Since 2005 is a resource provides events, information, interesting things about famous scientists relate to biochemistry, reliability engineering, chemist, morality, medical physics, mechanical engineering, earth sciences, materials, astrophysics, nuclear, software, molecular and much more.

Lord Kelvin

Lord Kelvin (William Thomson) was born on Saturday, June 26, 1824 in Belfast and he was a famous physicist.
William Thomson was born on 26 June 1824 in Belfast, Ireland to mother Margaret Gardner and father James Thomson (a mathematics and engineering teacher at Royal Belfast Academical Institution). William was the second child born in a family of four children. He lost his mother at a very young age of 6 in 1830.

William was educated at home along with his elder brother James. Home tutoring was done by their father while their younger brothers received their education from elder sisters.

In 1832 William’s father James Thomson was asked to join as a professor of mathematics at Glasgow which made the family relocate there in October 1833. This changed the growing up days for Thomson kids. The family spent their summer of 1839 in London. Thomson family started having a wide view on life and experienced broad things due to the big city lives. In 1840’s summer the family got to spend time in Germany and the Netherlands. Thomson family’s kids were made to learn languages which were held in high regard.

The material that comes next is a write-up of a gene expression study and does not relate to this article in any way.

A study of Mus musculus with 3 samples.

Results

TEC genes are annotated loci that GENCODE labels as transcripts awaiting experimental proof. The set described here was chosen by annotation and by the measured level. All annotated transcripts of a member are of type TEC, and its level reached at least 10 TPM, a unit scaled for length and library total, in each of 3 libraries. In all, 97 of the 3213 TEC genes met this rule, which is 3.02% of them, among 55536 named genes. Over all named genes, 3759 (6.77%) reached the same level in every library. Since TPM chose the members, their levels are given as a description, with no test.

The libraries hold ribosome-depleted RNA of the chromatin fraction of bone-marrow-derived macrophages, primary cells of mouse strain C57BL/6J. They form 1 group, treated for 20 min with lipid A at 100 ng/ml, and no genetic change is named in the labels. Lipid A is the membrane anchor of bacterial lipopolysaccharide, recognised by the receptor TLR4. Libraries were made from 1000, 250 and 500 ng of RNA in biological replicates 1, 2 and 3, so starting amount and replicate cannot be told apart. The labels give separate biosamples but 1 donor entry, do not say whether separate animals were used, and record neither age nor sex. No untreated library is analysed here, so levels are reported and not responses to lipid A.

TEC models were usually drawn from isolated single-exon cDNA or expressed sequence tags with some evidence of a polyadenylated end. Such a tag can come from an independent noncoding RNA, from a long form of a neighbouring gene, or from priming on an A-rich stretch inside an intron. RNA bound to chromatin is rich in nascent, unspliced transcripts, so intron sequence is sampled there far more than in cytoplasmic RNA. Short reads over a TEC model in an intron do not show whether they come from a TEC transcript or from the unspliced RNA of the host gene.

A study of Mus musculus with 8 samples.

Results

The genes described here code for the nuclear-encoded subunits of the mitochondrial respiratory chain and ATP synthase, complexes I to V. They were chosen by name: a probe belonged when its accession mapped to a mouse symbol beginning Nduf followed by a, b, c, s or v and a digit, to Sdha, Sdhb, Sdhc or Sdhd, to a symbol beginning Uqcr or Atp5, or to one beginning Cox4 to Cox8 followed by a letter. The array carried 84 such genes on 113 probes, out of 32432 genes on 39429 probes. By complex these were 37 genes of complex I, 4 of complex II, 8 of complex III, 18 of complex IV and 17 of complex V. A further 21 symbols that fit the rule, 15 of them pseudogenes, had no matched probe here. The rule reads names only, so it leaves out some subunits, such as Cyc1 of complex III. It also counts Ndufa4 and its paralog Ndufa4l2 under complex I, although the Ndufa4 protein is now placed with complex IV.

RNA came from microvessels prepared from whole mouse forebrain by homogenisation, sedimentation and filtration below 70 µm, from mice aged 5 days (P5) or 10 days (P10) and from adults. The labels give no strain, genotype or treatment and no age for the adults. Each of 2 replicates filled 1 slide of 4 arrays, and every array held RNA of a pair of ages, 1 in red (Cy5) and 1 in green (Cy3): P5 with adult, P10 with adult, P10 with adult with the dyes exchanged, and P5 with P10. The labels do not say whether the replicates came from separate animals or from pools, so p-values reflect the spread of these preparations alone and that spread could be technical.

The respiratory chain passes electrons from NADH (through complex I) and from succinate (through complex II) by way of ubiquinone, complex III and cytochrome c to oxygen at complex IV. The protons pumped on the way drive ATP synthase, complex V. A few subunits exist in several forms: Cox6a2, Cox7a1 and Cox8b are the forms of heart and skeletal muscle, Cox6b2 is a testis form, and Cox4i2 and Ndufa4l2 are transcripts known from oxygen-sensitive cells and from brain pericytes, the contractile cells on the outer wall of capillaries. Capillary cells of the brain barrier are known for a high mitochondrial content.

William suffered from heart problems and was very ill to the brink of dying at the age of 9. While his father was the professor in the university department of ‘Royal Belfast Academical Institution’, William got enrolled here. At the age of 10 William entered Glasgow University in 1834. The University had a system of providing several elementary school facilities for able students and William was definitely an able pupil to get enrolled in the institution. While studying in school William showed huge and natural interest in classics and sciences. He was only 12 when he received a prize for translating Lucian of Samosata's Dialogues of the Gods from Latin to English. Thomson’s academic brilliance won him the class prize in astronomy (in the academic year 1839/40) for his ‘Essay on the figure of the Earth’ which was a sheer masterpiece showing the early signs of the genius in representing mathematical analysis and creativity.

Thomson also calculated the age of the earth from its cooling rate and concluded that it was too short to fit with Lyell's theory of gradual geological change or Charles Darwin's theory of the evolution of animals though natural selection. He used the field concept to explain electromagnetic interactions. He speculated that electromagnetic forces were propagated as linear and rotational strains in an elastic solid, producing "vortex atoms" which generated the field. He proposed that these atoms consisted of tiny knotted strings, and the type of knot determined the type of atom. This led Tait to study the properties of knots. Kelvin's theory said ether behaved like an elastic solid when light waves propagated through it. He equated ether with the cellular structure of minute gyrostats. With Tait, Kelvin published Treatise on Natural Philosophy (1867), which was important for establishing energy within the structure of the theory of mechanics.

William Thomson (Lord Kelvin) had slipped on ice during the winter of 1860-1861 which had fractured his leg. Since then he limped till his death on 17 December 1907.